It’s odd, after years of having a great Liège waffle recipe, that I’d want to revisit things, but I do. 

The issue is that I have learned a lot more about 19th century flour, bread-making techniques, brioche, and more. It got to the point where I knew the recipe I’ve been using is not as perfect as it could be. So I’m going to go through a further round of experiments, until I get an even more perfect waffle.

Liège Waffle Recipe / La Recette Gaufres de Liège
Serves 5
1 hr
Cook Time
2 min
Total Time
18 hr
Prep Time
1 hr
Cook Time
2 min
Total Time
18 hr
  1. 165.0g unbleached white pastry flour
  2. 2.3g T-58 Belgian ale yeast
  3. 50.0g egg (heated in a very warm water bath to 43°C/110°F and then lightly beaten)
  4. 47.5g egg (room temperature)
  5. 49.7g mineral water at 43°C/110°F
  6. 27.0g whole wheat pastry flour
  7. 3.9g dark rye flour
  8. 27.3g cassonade (light brown sugar)
  9. 3.7g fine sea salt
  10. 13.6g orange blossom honey
  11. 4-7 Mexican vanilla pods (to yield 3.5g seed paste)
  12. 147.0g European-style butter (preferably beurre d’Isigny) at 10°C-/50°F
  13. 135.0g Belgian pearl sugar
  1. In the bowl of a stand mixer, stir together 80.0g of the white pastry flour and the yeast.
  2. Add 50.0g of warm egg and the mineral water, and mix to blend.
  3. Cover the flour/yeast/egg/water mixture with the remaining 85.0g white pastry flour, whole wheat pastry flour and rye, but do not stir.
  4. Cover the bowl in plastic wrap, and let it stand for 90 minutes
  5. Add the remaining 47.5g egg, cassonade (light brown sugar), salt, and honey, along with the seed paste from the 4-7 Mexican vanilla pods (enough to get 3.5 grams of paste).
  6. Affix the paddle attachment, and mix on speed #1 (the "stir" setting) — scraping every few minutes — until the dough forms a ball on the paddle. This should take about 15-17 minutes.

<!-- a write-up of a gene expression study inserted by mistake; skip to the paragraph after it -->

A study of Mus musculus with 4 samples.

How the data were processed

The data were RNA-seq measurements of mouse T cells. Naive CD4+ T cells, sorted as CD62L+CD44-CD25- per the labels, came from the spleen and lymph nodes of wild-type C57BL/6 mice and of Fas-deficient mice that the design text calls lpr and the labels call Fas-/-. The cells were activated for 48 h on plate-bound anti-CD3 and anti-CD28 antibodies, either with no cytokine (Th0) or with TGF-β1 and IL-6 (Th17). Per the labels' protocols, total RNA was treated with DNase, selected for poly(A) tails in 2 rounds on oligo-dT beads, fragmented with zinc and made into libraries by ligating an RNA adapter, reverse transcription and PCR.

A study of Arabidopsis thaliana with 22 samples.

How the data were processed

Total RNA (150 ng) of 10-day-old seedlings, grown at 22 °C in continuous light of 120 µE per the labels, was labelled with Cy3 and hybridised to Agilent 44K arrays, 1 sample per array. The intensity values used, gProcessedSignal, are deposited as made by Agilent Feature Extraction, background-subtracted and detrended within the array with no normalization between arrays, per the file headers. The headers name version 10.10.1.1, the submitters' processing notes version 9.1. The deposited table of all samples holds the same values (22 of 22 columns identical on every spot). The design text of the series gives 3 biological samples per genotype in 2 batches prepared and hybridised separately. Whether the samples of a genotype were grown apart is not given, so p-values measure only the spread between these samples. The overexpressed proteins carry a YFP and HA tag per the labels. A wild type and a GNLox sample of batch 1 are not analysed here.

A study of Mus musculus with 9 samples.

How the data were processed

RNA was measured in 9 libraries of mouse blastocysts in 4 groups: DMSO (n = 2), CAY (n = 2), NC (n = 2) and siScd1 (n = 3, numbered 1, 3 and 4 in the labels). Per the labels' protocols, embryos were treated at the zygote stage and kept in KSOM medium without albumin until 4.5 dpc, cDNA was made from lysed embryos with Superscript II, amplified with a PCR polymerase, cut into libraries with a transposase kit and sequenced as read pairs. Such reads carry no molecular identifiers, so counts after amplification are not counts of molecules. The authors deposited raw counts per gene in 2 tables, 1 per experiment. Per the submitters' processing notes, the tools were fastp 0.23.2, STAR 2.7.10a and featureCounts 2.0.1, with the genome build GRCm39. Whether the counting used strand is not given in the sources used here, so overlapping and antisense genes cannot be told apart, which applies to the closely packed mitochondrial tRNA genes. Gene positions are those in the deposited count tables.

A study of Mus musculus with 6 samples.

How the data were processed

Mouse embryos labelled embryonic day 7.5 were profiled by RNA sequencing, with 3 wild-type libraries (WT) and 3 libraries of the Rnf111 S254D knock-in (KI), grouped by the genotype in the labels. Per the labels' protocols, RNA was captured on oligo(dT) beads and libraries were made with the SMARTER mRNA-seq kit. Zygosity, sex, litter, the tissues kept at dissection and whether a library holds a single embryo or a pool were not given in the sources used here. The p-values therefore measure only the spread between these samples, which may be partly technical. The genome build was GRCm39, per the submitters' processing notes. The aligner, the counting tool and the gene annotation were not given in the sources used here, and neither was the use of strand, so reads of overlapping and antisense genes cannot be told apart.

7. Begin adding the butter, 15-20g at a time, over the next 5-7 minutes, scraping the bowl every few minutes.
  8. Once all the butter is completely added, continue mixing, scraping occasionally, until the dough again balls on the paddle. From beginning the butter addition, to the dough balling again, this mix will take 9-11 minutes.
  9. Scrape the dough into a large bowl, cover with plastic wrap, and let it rise at room temperature for 4 hours.
  10. REFRIGERATE FOR 90 MINUTES BEFORE PROCEEDING. This is essential. The yeast’s respiration must be slowed before continuing.
  11. Stir the dough down, and scrape it onto a lightly floured surface. Press it into a long rectangle, then fold it over in thirds, like a letter, before wrapping it tightly in plastic wrap. Place it in the coldest section of your refrigerator overnight. It can help to weight it down with two heavy pre-chilled dinner plates.
  12. The next day, take 100g pieces of the dough and mix each with 27g of pearl sugar. Shape them into oval balls (like a football without the pointy ends) and let them rise (covered loosely in plastic wrap) for 90 minutes.
  13. Cook each waffle at exactly 185°C/365°F for 2 minutes. Once off the iron, allow the waffle to cool for several minutes, and then enjoy.
  1. These waffles are ideally prepared at 21°C/70°F. Once the dough is refrigerated, it will keep for up to 5 days, although it's best if used within 3 days.